Solar Impulse Plane Gets Through First Night of 62-Hour Fuel-Free Pacific Flight
Is the battery half-empty or half-full?
About 1,100 miles off Kalaeloa, Hawaii now, the Solar Impulse plane has successfully flown through the first black, Pacific night of its trip to California. The lonely vista would unsettle the most seasoned aviator, even if their plane did not rely entirely on the power of the sun to fuel their flight. Weighing about the same as your family car and traveling at highway speed, the Solar Impulse is headed to San Fransisco in the second-longest stint of its around-the-world journey that requires no fossil fuels.
The plane flew without incident through its first sunless part of the flight, meaning the first period the plane had to rely entirely on the energy stored in its batteries to stay aloft. The plane traversed just under one-third of the full distance to California during its first day, and now that it’s well through most of its second, the batteries are currently about 90-percent charged, which is good. Solar Impulse will need a good charge to get through night two.
Bertrand Piccard, one of the two founders of Solar Impulse, had been dozing on and off through the night, checking in with mission control and ensuring he has the energy to man the helm for the remaining 40 hours of airtime. It has been almost nine months since Piccard has settled into a night aboard the plane, but its clear from watching the live feed of the flight that mission control’s anxiety will not let up until the sun returns to the sky.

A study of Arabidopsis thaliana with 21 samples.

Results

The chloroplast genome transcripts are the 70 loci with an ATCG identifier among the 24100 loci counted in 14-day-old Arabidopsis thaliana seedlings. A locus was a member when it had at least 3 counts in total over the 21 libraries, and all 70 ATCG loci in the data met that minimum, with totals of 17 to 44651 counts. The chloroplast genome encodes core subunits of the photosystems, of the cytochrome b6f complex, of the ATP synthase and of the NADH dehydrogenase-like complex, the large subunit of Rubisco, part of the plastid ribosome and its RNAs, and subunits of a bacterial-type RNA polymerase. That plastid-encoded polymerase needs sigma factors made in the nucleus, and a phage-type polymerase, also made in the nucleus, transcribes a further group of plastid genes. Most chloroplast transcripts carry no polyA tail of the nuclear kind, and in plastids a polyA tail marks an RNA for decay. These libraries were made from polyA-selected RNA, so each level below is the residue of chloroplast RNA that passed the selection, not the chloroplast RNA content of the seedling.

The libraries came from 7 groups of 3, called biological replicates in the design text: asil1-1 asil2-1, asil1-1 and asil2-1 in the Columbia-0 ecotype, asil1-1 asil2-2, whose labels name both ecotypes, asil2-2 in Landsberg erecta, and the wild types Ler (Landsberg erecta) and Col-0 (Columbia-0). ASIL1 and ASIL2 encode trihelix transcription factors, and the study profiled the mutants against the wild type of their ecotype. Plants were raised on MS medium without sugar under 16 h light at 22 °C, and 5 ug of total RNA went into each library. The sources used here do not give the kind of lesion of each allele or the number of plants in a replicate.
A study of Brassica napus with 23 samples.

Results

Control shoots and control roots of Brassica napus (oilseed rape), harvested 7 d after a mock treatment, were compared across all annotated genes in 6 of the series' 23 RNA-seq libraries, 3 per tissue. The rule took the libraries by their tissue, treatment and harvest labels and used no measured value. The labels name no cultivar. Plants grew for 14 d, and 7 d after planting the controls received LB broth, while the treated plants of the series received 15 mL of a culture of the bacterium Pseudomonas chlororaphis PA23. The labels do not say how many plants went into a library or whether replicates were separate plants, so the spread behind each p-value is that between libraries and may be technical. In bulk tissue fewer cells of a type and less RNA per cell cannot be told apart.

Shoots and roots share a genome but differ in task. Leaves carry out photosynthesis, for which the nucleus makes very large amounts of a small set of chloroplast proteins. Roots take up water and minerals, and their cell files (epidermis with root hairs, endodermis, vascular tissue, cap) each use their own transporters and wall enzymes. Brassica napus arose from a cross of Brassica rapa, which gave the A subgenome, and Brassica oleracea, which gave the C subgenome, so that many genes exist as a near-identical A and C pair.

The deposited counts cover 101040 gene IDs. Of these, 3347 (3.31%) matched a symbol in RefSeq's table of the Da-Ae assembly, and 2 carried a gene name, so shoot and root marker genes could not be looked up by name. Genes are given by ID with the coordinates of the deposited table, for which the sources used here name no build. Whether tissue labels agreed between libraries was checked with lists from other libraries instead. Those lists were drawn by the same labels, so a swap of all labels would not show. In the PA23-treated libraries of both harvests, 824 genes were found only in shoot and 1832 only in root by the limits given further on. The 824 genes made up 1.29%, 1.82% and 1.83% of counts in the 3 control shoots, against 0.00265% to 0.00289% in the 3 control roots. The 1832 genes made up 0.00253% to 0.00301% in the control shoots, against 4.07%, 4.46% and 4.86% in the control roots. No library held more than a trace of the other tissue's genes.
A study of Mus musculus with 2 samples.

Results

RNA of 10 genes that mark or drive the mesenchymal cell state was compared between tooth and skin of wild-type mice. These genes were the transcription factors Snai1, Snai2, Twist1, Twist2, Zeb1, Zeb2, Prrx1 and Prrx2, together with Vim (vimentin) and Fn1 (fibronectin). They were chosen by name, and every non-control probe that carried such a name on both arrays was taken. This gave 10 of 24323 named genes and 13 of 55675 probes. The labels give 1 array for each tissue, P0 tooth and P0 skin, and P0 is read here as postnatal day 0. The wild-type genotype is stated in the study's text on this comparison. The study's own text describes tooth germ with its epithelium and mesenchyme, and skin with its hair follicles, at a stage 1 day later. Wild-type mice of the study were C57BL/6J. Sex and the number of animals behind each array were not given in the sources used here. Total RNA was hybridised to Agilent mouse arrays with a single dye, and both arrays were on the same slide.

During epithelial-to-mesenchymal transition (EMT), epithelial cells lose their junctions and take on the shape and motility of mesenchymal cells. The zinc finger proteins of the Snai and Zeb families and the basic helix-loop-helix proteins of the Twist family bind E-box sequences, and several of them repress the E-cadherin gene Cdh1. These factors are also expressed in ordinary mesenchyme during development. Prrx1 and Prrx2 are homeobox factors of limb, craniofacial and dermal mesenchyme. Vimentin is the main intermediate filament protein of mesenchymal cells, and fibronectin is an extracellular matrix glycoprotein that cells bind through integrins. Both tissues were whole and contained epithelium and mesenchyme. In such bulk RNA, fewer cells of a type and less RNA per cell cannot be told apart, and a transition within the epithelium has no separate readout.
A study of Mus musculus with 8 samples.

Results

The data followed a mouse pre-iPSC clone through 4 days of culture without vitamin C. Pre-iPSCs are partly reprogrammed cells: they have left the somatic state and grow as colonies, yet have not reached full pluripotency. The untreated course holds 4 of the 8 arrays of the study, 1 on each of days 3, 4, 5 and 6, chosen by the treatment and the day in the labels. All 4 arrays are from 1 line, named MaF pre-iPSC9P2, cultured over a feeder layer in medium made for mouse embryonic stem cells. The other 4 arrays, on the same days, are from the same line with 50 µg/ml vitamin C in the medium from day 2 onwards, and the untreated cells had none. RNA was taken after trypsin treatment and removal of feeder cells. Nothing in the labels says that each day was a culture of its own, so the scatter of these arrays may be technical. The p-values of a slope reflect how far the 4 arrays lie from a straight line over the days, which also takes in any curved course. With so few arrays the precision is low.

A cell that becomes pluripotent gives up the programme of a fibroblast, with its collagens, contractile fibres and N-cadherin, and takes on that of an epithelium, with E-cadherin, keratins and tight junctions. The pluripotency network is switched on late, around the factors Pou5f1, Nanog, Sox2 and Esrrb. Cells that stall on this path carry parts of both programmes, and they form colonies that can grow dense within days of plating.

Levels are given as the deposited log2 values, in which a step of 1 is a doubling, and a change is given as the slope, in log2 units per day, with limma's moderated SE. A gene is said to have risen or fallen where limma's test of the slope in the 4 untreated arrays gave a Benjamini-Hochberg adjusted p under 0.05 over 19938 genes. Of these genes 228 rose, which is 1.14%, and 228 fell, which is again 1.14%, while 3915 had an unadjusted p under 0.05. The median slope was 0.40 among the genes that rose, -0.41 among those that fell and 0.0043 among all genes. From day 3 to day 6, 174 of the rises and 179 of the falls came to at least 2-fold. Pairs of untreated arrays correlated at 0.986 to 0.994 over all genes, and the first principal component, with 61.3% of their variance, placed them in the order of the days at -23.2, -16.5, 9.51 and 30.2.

Early in the morning on Earth Day, the Solar Impulse plane was trudging along at 24 KTS, equivalent to just about 30 mph. The 62-hour flight is not even close to the speed of a modern jetliner, but then again the plane is pushing a different set of objectives. The solar-powered plane is trying to show the entire planet that we can fly around the world without using fossil fuels. The ambitious founders of Solar Impulse hope the stunt can draw attention to climate change and national efforts to reduce carbon emissions like the Paris Climate agreement.
The problems encountered in the flight from Japan to Hawaii clearly underscore the dangers of testing such a young technology on such a grand scale. While the plane reached its destination, the extensive damage to the engine certainly frightened the team that didn’t realize how close to tragedy they had come. Yet Piccard is far from the first to place his life in the service of science and discovery, and he should be fine, as long as he can make it to the next morning.